The museum expansion won enthusiastic approval from NYC’s Landmarks Preservation Commission
The American Museum of Natural History’s ambitious $325 million expansion plan gained unanimous approval from New York City’s Landmarks Preservation Commission on Tuesday, greenlighting the 142-year-old institution to realize the Richard Gilder Center for Science, Education and Innovation.
Designed by Chicago-based firm Studio Gang, the new wing is a radical departure from the institution’s overwhelming Gothic Revival-style architecture, and introduces curvilinear forms inspired by how materials are deposited over time in nature, like melting ice and slot canyons—forms the commission found appropriate for a premiere science museum and research institution.
While the design of the Richard Gilder Center is unique, it isn’t unprecedented. “The essence of this great institution is excellent architecture of its time along the way,” LPC Commissioner Frederick Bland said on Tuesday, motioning to the Rose Center, completed in 2000, “That’s what we’re seeing here today; a beautiful and brilliant example of a contemporary expression of a meaningful building.”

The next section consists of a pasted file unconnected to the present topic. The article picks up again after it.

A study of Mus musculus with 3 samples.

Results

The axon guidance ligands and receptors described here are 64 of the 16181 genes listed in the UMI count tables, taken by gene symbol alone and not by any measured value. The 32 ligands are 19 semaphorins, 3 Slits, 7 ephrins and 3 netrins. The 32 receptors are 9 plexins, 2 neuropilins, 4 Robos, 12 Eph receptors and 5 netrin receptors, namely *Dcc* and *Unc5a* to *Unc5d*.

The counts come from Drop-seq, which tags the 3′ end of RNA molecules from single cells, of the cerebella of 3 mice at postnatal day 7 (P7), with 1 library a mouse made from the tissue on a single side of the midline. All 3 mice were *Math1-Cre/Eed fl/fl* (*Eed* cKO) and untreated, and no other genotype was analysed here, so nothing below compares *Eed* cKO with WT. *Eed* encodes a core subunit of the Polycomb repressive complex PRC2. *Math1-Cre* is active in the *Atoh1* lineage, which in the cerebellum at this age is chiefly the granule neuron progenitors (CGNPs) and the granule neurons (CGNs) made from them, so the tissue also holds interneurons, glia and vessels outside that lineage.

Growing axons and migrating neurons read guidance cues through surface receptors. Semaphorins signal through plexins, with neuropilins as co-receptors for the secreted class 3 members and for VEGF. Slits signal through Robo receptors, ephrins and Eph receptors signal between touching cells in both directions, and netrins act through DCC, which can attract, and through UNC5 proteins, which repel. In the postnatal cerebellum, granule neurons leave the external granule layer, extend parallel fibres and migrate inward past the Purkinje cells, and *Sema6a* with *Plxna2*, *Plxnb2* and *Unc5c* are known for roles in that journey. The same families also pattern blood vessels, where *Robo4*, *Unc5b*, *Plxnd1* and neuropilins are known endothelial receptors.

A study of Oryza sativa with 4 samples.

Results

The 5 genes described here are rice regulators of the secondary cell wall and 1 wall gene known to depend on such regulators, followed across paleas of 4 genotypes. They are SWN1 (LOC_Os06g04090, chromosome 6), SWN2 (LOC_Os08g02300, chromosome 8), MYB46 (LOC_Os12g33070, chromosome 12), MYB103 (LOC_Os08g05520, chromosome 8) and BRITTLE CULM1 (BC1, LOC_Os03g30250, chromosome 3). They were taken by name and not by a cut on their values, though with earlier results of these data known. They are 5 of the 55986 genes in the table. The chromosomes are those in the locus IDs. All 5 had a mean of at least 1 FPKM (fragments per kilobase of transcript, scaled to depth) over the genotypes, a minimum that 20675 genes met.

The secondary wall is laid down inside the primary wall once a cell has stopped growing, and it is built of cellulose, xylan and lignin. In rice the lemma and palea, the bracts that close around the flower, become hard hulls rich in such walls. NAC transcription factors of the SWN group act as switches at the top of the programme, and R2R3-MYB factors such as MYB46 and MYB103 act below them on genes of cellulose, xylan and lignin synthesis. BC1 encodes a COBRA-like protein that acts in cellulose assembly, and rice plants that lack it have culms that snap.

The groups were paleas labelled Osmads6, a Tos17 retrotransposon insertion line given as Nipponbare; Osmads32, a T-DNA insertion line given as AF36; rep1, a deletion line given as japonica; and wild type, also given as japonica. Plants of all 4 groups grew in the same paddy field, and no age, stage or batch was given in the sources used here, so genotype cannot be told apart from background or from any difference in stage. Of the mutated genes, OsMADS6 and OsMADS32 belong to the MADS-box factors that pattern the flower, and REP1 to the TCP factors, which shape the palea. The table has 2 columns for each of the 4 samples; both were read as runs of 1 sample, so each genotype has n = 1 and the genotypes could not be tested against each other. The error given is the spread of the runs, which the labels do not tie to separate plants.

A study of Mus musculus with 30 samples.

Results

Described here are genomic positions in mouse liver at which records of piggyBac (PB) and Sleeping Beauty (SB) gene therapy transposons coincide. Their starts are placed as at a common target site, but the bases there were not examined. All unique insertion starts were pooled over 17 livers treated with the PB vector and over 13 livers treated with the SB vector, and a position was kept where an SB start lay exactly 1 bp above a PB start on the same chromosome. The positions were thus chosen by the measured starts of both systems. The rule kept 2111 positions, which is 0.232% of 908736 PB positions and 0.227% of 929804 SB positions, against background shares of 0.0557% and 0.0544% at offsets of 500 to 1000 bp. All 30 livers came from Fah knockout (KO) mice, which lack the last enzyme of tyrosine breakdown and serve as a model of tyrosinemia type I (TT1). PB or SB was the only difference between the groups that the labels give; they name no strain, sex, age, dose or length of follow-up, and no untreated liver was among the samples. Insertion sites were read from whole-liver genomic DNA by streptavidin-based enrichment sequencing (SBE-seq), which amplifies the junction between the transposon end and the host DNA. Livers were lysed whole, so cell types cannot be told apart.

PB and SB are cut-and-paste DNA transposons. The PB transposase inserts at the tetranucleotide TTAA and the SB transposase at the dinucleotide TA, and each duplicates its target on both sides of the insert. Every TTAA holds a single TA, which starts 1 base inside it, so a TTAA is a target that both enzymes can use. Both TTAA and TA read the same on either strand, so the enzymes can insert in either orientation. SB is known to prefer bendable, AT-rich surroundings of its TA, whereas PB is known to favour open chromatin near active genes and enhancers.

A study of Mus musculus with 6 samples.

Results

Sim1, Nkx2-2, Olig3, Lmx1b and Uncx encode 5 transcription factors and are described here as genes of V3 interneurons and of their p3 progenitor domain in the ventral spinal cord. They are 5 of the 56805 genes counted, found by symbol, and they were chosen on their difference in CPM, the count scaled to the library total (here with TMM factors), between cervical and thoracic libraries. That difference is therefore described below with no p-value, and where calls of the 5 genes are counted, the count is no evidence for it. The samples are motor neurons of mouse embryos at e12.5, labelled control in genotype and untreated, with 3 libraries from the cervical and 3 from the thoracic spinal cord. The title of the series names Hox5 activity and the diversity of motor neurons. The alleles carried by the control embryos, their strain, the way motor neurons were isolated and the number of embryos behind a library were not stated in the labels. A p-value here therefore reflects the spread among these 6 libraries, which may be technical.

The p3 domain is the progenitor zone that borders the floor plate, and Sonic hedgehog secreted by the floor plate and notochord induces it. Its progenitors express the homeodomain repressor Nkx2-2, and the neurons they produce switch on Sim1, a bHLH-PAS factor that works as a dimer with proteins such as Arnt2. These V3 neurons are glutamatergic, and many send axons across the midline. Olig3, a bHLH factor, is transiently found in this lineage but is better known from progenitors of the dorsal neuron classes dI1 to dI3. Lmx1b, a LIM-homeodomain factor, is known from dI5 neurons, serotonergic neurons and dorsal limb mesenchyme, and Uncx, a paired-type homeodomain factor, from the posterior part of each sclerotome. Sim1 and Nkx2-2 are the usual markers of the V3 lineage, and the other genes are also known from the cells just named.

The 135,000-square-foot addition was contentious with the Upper West Side community, who fretted over its contemporary look and more so the new wing’s impact on the surrounding Theodore Roosevelt Park. Studio Gang, in cooperation with the museum and community stakeholders, reformulated the wing’s footprint to minimize its encroachment on the surrounding park from one-half acre to one-quarter acre, reducing the number of trees being lost from nine to seven before filing plans with the Department of Buildings in September.
In order to construct the wing, the museum will demolish three buildings on its campus, including the more recent Weston Pavilion. Bill Higgins of Higgins Quasebarth & Partners, the addition’s architect of record, noted that the buildings are “by no means crucial to the character of the institution.”
The Richard Gilder Center will front on Columbus Avenue, bringing the rectilinear museum a grand entrance where an ancillary museum entrance now lets in to muddled corridors. The addition will help bring to light the museum’s original master plan, which called for four main entrances, one on each of the museum’s frontages along Central Park West and Columbus Avenue, and West 77th and 81st streets.
Commissioner Devonshire praised the design, saying the “sensuous, sinuous natural quality of this building is just heavenly.” Manhattan Borough President Gale Brewer also showed up to voice her support, praising the “sensitive and considerate end product” that came of working with the community.
But community support was not unanimous. Christabel Gough of the Society for the Architecture of the City questioned the facade’s “need for such an aggressive convention” while a spokesperson for the Historic Districts Council noted that “some fine-tuning could help the building fit in even better.”
But in the end the commissioners were not swayed from the path of approval. “I think it goes way beyond approval,” LPC chair Meenakshi Srinivasan said, “It’s absolutely wonderful.”